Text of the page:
Chase Charaba, Co-Editor-in-Chief
Microsoft released the long-awaited Gears of War 4, the fifth game in the Gears of War video game series, on Oct. 11 for Xbox One and Windows 10. The third-person shooter series was first released in 2006 and has since sold more than 22 million copies, according to Microsoft.
The game was developed by The Coalition, a Canadian developer owned by Microsoft. However, all previous Gears of War games were developed by Epic Games and not associated with Microsoft.
This change in development is a breath of fresh air for the franchise, but it also brought new problems into the mix.
Gears of War 4 is one of the first games under Microsoft’s new Xbox Play Anytime program, which allows players to purchase a digital copy of the game and play it anywhere, including on an Xbox One and any PC running Windows 10.
This new feature is amazing for gamers who want to play the game on multiple devices, yet don’t want to pay $60 for another copy. However, this involves saving game data to the cloud, which has led to long sync and retrieval times and even freezing at the game’s start up.
Some players have lost their saved game data in the cloud and were unable to resume playing where they left off the night before because the levels were now locked, despite both Xbox and Windows versions showing that previous levels were completed and achievements had been earned.
Furthermore, support from Microsoft and The Coalition has been unresponsive and difficult.
The game features Horde 3.0, a multiplayer game with teams of up to four others, that allows players to battle 50 different waves of enemies. VS Multiplayer is a standard multiplayer format where players fight each other across different maps. As with other Gears of War games, Gears of War 4 allows two players to battle through the campaign missions together in Co-Op mode through split-screen or Xbox Live.
One problem with the game, as with all Xbox One games, is its file size. According to Microsoft, the size can range from anywhere between 54.65 GB and 80 GB. Although this is much smaller than other Xbox games like the newer Call of Duty games and Halo 5: Guardians, it still adds up and pushes users to purchase external hard drives just to play a handful of games, unlike the Xbox 360. Installation time for a digital download was just over an hour on the Xbox One and just under an hour on a PC.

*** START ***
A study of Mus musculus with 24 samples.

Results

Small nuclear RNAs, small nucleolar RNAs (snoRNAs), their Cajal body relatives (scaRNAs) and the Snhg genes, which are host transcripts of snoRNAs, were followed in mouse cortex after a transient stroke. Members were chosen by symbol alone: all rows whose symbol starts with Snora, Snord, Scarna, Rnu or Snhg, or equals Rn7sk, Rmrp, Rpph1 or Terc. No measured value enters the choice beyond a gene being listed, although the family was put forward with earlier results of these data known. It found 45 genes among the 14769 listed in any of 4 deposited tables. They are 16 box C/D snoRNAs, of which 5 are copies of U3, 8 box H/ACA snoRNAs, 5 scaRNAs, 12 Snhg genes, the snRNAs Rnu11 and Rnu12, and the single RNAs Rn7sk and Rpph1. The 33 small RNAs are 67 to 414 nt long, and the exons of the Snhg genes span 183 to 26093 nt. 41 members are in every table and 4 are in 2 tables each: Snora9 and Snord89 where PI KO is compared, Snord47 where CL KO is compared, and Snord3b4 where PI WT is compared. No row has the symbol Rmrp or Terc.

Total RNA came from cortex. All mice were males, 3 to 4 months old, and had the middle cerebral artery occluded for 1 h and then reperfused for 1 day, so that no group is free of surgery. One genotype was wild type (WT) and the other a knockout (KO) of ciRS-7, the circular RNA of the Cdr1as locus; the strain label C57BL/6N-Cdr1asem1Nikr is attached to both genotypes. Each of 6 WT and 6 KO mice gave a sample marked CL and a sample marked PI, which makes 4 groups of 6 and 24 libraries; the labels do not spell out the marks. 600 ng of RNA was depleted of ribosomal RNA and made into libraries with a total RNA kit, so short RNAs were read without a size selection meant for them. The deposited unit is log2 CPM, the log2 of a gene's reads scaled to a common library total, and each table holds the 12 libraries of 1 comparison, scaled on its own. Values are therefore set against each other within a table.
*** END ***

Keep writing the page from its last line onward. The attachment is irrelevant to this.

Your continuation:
The campaign missions consist of five acts, which are subdivided into multiple chapters just like previous Gears of War games. The game starts with a prologue that recaps the events of the main trilogy, where players have the opportunity to battle the Locusts in between cut scenes.
The cut scene graphics are unimpressive. They’re simply behind the times when compared to the masterful work of Halo 2: Anniversary and Halo 5: Guardians. However, they’re considerably better than the cut scenes of previous Gears of War titles.
The graphics in the prologue are poorly done for this new generation of gaming, looking more like Halo: Reach or Call of Duty: Ghosts. However, graphics improve considerably by Act I when the full scale of the new graphics engine is revealed. The campaign missions have more color than previous games, which often appeared dull and gray. The details in mountain ranges and skyboxes, along with realistic weather effects on the trees make the game livelier than any other Gears of War.
Act I is boring to play. Walking around with new characters battling COG robots while trying to sneak into a facility isn’t fun, neither is defending a village and setting up defenses between waves like in Horde. It just didn’t feel like Gears of War.
Things improved drastically by Act II, when the game’s action picked up, and by Act III it felt just like previous games, running through dark maps and chainsawing through hordes of enemies with a Lancer. There were times where the campaign seemed better than previous games and much more difficult.
Overall, Gears of War 4 is slower-paced and darker themed than previous Gears of War titles, and the campaign, while short for Gears of War, is fun to play through. All other aspects of the game remain similar to the rest of the series that millions of gamers have fallen in love with.
If Xbox Play Anywhere issues could be resolved, this game would receive a four and a half star rating. The ending points towards the future of the franchise in an exciting way. However, the failure of the game’s launch is something that can’t be ignored.